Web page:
Lecturer, English Literature and Creative Writing
Adnan Mahmutovic is a Bosnian-Swedish writer and literary scholar. His works include Ways of Being Free (Rodopi 2010), Thinner than a Hair (Cinnamon Press 2010), How to Fare Well and Stay Fair (Salt Publishing 2012). He teaches literature and creative writing at Stockholm University.
This project looks into the ways socio-political developments in the US and its role in the global new world order(s) since 2001 affected the changes in the notion of citizenry and its manifestations in literature. Writings by Mohsin Hamid, Michael Muhammad Knight, Khaled Hosseini, and Mohja Kahf stage a particular dialectic between the liberal cosmopolitan notions of world citizen and more vernacular manifestations of the same within the US borders. It is in fact by choosing four vernacular works of fiction, each of which presents its own idiosyncratic take on the meaning and function of citizenry in a globalized world, that one can even begin to examine our contemporary use of these ubiquitous notions of “world”, “globe”, and “civic life.”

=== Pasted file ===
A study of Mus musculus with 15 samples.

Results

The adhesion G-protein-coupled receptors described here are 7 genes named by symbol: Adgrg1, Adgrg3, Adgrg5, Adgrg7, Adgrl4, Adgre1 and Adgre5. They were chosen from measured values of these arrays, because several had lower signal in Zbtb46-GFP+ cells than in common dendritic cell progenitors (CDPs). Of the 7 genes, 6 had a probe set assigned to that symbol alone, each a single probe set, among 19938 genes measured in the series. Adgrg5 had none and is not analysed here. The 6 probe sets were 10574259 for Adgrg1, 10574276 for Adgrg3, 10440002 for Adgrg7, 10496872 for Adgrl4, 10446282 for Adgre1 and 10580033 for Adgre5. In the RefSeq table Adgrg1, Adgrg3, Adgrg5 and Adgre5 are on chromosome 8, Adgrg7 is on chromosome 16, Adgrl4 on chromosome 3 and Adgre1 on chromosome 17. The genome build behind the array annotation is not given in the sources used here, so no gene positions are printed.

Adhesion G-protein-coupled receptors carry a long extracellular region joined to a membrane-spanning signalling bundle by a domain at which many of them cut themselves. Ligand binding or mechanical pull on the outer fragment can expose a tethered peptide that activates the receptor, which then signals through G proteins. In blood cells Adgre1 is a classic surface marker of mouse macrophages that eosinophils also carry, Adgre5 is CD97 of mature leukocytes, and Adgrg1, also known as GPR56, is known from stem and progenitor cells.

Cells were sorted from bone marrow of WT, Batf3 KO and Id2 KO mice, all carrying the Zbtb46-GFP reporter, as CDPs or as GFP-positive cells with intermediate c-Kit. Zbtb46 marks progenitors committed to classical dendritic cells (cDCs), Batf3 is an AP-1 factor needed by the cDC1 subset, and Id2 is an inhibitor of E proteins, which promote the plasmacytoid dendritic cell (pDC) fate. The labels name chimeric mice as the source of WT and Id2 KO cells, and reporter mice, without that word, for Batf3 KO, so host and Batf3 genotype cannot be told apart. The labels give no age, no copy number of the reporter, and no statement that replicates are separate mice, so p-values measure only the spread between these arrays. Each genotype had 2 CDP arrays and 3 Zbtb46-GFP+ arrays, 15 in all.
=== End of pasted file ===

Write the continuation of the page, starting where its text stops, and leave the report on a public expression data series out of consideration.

By reworking the notion of national rights and obligations in terms of global citizenship, this writing emphasizes what Amartya Sen (2006) calls the global, rather than the merely Western, roots of democracy, as well as the idea that citizenry entails that everyone, even if only abstractly, may rewrite civic contracts and contribute to governance. What is at stake in this analysis is the way the social, and global, function of literature is related to the the question of citizenry. The fact that the chosen authors and their work are read across multiple ethnoscapes and inspire change in different demographics is an example of an ongoing, albeit schizophrenic, dialogue between the vernacular and the cosmopolitan.